Separation of miscarriage tissue from maternal decidua for chromosome analysis

This video demonstrates a technique for separating miscarriage tissue from maternal decidua to reduce maternal cell contamination for chromosome analysis.


Authors

Gayathree Murugappan, M.D., Stephanie Gustin, M.D., Ruth B. Lathi, M.D.

Abstract

Objective:

To report a novel mechanism suggestive of early ovarian failure secondary to the anti-tumor hedgehog-pathway inhibitor vismodegib.

Design:

Case report and literature review.

Setting:

Academic and private dermatology and fertility practices.

Patient(s):

A 34-year-old nulliparous woman with locally advanced basal cell carcinomas who became amenorrheic while receiving oral therapy with vismodegib.

Intervention(s):

Physical examination and endocrine evaluation.

Main Outcome Measure(s):

Elevated follicle-stimulating hormone (FSH) and low estrogen in the setting of a normal anti-Müllerian hormone.

Result(s):

FSH was elevated; estrogen was low. Preantral follicles were detected and anti-Müllerian hormone activity was normal. Menses resumed 5 weeks after cessation of therapy.

Conclusion(s):

Vismodegib, a first-in-class inhibitor of the hedgehog signaling pathway is indicated for advanced basal cell carcinoma and is associated with amenorrhea. The mechanism is unknown; it has some features of ovarian failure but preserves ovarian potential through blockading of FSH-receptor–dependent signal transduction. This effect appears to be rapidly reversible upon cessation of therapy. Vismodegib and related compounds may have potential for a role in intervention for gynecologic and endocrine disorders and in therapy for other issues involving FSH-dependent function.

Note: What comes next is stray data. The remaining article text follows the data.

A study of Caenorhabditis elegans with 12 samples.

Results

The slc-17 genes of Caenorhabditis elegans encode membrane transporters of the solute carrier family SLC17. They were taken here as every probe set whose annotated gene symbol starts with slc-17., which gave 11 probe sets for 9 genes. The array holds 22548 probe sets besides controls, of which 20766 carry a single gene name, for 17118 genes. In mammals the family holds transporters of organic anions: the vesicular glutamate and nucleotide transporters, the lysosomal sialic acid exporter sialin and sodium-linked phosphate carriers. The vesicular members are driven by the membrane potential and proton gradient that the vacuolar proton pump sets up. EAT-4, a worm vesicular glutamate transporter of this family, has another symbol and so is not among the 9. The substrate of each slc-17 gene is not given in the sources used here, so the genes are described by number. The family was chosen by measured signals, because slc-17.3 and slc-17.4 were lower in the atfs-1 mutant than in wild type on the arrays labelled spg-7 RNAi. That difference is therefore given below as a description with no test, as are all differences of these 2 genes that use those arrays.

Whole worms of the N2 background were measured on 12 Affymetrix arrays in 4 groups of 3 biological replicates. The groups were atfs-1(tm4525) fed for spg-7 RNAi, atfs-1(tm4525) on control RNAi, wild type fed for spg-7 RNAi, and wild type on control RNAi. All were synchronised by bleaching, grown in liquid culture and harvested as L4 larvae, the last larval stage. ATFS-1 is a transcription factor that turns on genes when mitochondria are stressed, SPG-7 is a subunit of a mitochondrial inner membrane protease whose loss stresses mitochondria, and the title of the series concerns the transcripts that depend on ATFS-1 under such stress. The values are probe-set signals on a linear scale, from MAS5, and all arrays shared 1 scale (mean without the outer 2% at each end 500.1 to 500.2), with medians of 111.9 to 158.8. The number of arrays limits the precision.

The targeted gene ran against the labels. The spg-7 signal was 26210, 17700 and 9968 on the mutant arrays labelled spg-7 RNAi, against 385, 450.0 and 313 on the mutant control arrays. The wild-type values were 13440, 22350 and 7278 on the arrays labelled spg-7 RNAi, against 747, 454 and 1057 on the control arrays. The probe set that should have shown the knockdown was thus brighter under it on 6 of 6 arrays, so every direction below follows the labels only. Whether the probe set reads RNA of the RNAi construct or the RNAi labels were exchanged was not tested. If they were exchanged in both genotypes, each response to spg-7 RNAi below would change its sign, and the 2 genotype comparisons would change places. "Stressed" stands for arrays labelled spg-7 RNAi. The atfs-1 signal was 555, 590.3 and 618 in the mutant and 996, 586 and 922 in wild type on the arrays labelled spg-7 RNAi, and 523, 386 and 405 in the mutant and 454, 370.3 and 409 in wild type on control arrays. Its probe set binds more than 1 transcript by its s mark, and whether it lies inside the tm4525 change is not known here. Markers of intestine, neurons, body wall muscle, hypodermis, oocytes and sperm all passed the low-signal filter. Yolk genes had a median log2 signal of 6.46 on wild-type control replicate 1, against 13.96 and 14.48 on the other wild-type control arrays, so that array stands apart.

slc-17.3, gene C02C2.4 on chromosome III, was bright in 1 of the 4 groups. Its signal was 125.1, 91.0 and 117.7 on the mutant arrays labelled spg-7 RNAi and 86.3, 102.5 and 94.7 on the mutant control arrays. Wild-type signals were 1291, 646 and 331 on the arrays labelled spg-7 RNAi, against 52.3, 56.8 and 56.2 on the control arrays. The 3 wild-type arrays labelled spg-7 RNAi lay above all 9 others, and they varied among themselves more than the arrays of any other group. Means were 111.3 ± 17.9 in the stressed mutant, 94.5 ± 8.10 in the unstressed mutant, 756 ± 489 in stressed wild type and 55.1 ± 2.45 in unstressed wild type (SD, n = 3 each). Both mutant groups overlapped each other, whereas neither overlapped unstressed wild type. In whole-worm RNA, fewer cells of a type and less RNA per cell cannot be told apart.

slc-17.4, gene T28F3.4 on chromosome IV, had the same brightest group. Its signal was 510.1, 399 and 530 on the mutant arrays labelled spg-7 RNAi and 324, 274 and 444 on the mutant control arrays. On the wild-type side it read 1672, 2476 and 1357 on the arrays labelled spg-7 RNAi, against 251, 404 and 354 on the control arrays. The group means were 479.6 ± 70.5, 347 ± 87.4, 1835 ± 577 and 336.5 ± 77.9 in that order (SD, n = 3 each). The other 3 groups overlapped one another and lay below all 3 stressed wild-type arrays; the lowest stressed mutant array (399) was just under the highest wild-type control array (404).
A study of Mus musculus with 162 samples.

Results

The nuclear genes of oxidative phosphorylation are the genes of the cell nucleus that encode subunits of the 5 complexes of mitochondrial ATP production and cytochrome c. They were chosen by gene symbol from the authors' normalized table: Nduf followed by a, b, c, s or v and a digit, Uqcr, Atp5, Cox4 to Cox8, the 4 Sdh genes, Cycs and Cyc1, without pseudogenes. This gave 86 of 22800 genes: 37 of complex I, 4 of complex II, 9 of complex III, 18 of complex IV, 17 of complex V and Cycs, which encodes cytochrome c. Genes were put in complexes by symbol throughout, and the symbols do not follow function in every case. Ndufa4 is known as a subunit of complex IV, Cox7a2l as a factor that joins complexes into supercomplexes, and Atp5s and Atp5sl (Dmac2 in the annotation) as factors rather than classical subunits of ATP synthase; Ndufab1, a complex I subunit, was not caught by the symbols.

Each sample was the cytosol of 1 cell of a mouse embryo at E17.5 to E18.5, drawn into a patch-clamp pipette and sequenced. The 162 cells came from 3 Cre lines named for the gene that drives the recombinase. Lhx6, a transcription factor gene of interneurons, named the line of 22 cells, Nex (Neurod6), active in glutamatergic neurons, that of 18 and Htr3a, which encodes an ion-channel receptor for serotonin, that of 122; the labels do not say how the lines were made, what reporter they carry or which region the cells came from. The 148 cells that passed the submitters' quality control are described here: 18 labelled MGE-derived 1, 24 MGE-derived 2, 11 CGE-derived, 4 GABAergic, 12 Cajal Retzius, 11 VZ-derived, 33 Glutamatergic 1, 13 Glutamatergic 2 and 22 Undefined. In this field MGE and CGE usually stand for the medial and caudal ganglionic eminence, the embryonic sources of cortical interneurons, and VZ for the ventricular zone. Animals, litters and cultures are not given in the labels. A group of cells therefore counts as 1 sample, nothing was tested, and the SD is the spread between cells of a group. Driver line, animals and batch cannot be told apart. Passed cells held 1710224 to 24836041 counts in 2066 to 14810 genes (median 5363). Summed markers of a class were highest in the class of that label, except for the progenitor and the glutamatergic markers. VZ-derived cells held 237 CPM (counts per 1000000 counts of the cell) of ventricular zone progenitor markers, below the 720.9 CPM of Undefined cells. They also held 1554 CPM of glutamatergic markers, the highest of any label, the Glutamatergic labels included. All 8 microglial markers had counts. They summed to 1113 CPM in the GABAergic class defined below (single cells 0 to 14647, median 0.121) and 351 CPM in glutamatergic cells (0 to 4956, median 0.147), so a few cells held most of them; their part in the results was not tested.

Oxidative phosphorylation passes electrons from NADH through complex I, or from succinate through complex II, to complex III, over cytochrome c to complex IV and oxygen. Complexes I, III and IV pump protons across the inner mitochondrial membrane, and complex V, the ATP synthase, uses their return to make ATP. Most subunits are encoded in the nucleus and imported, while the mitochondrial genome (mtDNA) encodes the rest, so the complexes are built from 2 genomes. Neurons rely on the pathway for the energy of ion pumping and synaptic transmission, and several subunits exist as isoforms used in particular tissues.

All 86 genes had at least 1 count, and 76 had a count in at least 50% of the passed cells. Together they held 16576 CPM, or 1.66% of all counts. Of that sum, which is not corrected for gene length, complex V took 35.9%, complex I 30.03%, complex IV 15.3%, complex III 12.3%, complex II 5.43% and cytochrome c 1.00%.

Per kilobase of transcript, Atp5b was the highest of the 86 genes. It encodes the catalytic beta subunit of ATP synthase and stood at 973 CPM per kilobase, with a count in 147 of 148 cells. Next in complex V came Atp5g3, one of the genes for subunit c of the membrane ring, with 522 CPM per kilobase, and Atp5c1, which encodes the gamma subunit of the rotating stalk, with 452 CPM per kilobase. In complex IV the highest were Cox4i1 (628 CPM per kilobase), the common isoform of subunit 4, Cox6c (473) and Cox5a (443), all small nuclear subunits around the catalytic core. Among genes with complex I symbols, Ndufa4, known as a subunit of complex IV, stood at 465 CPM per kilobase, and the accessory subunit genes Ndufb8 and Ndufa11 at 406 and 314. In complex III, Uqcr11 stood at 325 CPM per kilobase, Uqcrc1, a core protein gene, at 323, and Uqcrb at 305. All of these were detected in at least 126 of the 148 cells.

Read the full text at: http://www.fertstert.org/article/S0015-0282(14)00601-3/fulltext

Fertility and Sterility

Editorial Office, American Society for Reproductive Medicine

Fertility and Sterility® is an international journal for obstetricians, gynecologists, reproductive endocrinologists, urologists, basic scientists and others who treat and investigate problems of infertility and human reproductive disorders. The journal publishes juried original scientific articles in clinical and laboratory research relevant to reproductive endocrinology, urology, andrology, physiology, immunology, genetics, contraception, and menopause. Fertility and Sterility® encourages and supports meaningful basic and clinical research, and facilitates and promotes excellence in professional education, in the field of reproductive medicine.